Yankees Tag Gibson In 6-5 Win Over Twins
MINNEAPOLIS (AP) — The Minnesota Twins had their top two starting pitchers set up to start this series against a sputtering New York Yankees team.
First, Phil Hughes faltered against his former team. Then Kyle Gibson got roughed up. Now, the Yankees are feeling better and the Twins are in quite a funk.
Brian Roberts hit three doubles and a triple, and New York used its bullpen to preserve a 6-5 win over Minnesota on Friday.
David Huff (2-0) struck out three in three perfect innings for the victory after starter Chase Whitley faltered, and Jacoby Ellsbury hit a two-run single in the second to help finish off Twins starter Kyle Gibson (7-7).
“He didn’t have much. Couldn’t get the ball where he wanted to,” Twins manager Ron Gardenhire said.
Gibson has had quite the thrive-or-dive season. Six of his 17 starts have been scoreless appearances, and he’s finished seven innings or more seven times. But this was his fourth turn of three or fewer innings, and he’s allowed at least six runs in each of those starts.
The Yankees brought a five-game losing streak and a quiet lineup with them on this road trip, but they have revived their offense against the Twins. Gibson brought the American League’s best home-ballpark ERA among qualified pitchers at 1.54, but the Yankees tagged him for six runs over two innings. One was unearned, due to a passed ball by Kurt Suzuki that let Teixeira move up and later score on Carlos Beltran’s sacrifice fly in the first, but almost every ball was hit hard.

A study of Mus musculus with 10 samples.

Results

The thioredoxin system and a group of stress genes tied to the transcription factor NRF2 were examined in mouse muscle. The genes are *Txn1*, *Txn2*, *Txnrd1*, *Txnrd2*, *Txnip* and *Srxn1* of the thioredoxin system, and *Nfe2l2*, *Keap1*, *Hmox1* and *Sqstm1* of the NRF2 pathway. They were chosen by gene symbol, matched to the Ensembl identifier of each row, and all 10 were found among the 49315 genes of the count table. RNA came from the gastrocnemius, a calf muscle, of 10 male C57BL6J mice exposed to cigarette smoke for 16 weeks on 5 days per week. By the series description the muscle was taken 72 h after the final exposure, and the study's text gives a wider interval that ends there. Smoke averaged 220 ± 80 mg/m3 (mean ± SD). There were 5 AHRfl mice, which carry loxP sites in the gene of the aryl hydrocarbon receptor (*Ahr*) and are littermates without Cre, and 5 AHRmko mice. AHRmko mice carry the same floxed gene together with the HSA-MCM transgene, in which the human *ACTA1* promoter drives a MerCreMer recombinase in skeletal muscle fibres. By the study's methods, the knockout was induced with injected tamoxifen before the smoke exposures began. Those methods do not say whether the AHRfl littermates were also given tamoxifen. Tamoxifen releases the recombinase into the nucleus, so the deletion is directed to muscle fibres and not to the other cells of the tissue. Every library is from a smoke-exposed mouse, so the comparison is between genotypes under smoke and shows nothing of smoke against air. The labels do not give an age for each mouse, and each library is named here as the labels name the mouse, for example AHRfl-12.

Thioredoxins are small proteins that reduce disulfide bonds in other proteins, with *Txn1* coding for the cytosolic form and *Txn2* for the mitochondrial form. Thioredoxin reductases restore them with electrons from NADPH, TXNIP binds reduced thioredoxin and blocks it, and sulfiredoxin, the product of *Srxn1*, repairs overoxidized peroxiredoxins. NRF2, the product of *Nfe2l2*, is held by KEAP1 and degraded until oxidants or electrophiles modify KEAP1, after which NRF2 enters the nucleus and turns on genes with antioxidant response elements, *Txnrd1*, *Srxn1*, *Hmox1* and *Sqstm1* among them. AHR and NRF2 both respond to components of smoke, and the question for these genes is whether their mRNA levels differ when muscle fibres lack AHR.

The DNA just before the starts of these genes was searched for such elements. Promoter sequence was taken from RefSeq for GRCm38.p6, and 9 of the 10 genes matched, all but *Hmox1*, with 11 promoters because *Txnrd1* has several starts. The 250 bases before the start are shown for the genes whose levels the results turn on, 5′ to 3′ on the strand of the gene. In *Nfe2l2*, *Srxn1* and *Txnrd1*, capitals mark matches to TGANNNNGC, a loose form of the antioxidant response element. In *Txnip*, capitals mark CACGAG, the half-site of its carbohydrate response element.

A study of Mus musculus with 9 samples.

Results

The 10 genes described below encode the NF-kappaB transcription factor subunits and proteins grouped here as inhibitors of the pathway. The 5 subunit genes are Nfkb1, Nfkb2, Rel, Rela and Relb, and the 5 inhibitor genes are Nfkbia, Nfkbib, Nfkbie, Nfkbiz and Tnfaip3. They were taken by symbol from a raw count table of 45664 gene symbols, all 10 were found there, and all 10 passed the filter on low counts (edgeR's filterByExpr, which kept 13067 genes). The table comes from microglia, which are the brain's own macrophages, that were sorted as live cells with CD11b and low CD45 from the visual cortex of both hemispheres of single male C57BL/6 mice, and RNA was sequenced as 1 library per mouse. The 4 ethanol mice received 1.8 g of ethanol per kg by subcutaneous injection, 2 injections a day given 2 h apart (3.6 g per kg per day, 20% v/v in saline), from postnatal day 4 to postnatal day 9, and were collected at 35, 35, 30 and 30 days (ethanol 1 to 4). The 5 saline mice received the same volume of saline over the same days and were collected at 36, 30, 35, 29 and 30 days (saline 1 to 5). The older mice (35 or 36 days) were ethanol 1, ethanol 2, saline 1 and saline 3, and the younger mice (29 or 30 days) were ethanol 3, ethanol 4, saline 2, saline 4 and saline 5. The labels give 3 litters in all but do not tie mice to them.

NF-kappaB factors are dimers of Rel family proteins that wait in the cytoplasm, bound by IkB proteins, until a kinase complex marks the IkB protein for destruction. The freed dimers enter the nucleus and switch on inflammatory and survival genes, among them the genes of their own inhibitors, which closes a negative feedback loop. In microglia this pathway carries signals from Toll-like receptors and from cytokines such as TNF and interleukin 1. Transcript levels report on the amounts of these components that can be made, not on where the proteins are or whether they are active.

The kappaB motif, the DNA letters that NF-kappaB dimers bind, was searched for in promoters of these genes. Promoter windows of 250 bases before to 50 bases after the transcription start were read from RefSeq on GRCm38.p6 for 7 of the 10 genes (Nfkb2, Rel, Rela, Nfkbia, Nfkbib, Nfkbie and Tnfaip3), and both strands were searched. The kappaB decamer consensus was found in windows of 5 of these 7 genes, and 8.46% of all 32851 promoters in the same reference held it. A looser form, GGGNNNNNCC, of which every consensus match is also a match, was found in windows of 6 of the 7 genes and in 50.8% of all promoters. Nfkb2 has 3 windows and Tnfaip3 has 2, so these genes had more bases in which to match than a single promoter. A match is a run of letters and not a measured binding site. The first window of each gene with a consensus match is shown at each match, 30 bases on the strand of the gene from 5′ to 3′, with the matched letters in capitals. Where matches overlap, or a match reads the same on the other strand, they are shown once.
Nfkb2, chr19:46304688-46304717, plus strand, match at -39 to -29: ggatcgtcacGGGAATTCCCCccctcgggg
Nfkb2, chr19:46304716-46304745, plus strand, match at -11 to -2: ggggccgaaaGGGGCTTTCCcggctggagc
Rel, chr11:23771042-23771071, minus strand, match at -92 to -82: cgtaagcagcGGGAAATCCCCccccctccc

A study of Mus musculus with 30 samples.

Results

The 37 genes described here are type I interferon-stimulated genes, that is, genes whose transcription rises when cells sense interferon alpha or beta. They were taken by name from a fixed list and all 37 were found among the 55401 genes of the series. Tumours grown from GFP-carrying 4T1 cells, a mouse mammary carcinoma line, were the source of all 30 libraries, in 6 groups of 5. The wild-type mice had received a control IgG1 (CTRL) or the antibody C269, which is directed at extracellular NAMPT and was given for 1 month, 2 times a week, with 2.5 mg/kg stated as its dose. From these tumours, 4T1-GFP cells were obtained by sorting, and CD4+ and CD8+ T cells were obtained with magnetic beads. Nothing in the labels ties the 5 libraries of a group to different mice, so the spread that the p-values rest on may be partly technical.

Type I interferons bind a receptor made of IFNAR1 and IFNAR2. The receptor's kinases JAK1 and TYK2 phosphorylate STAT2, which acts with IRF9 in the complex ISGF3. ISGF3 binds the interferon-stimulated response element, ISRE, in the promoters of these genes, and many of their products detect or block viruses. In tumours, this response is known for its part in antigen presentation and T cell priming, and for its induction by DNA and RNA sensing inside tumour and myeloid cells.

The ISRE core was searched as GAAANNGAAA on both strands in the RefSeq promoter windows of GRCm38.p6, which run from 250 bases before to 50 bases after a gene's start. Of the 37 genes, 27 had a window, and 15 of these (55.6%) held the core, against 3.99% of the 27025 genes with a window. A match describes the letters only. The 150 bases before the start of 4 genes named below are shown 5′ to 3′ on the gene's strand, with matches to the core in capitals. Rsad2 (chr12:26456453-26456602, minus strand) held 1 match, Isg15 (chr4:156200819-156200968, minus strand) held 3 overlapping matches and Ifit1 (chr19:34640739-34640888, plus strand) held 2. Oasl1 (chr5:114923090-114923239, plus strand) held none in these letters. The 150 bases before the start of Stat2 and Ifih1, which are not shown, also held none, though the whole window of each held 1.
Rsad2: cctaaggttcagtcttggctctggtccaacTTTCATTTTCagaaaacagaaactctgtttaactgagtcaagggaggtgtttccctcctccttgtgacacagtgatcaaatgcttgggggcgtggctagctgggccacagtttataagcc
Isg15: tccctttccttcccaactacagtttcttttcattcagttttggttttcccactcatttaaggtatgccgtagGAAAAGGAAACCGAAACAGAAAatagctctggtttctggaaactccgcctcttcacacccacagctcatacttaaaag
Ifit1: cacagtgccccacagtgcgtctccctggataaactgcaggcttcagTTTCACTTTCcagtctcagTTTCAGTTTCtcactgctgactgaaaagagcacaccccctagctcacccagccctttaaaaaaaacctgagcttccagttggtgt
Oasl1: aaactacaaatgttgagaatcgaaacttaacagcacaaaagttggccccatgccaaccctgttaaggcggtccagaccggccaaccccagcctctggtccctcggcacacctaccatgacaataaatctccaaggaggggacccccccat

Brett Gardner led off the game with a triple, Roberts drove him in with a double and Gibson was on his way to that kind of day. He gave up six hits and one walk, without any strikeouts. Mark Teixeira had an RBI double, Brendan Ryan added a sacrifice fly and Gibson left with a 6-1 deficit.
“I just didn’t limit the damage. Reminiscent of last year on the Fourth of July,” said Gibson, who gave up eight runs in 5 1-3 innings on the holiday here a year ago against the Yankees.
This Independence Day game was preceded by a ceremony for the 75th anniversary of Lou Gehrig’s moving farewell address, shortly after he was diagnosed with the degenerative neurological disease that later took his name. Players from both teams read prerecorded portions of the speech.
Brian Dozier led off the first with his 16th homer and Chris Colabello went deep the next inning in his first at-bat since May 23, but the Twins lost for the ninth time in 11 games. Oswaldo Arcia had an RBI triple and scored on Trevor Plouffe’s single to pull the Twins within two, but then Huff took charge.
Dellin Betances dodged trouble in the eighth inning after Colabello cut the lead to one with an RBI groundout. Teixeira made a diving stop to his right at first base on Eduardo Escobar’s sharp grounder, recovering in time to throw to Betances for the third out with a runner on third.
“Just got to play the game like the scoreboard doesn’t matter,” Colabello said. “Would have been nice to win the game, but to be able to bounce back and get back into it and give ourselves a chance in the ninth is kind of what it’s all about.”
Suzuki hit a two-out double in the ninth, but David Robertson struck out Chris Parmelee looking to secure his 20th save.
“We were excited in the dugout. Everybody was hootin’ and hollerin’ and we felt like we could get back in the game,” Gardenhire said. “We kept clawing away. We had it out there, one hit away. It just didn’t work out for us.”
NOTES: The Twins are expecting prized CF prospect Byron Buxton to return to action soon with Class A Fort Myers. He has missed the majority of the season with an injured wrist. “That’ll be a welcome sight for all of us,” general manager Terry Ryan said. … University of Minnesota basketball coach Richard Pitino sat in the first row behind home plate. Having lived in New York as a child when his father coached the Knicks in the NBA, Pitino is a passionate Yankees fan who named his family dog Bernie after former Yankees star Bernie Williams. … The Twins have played 42 of 85 games during the day this season, the most in the majors.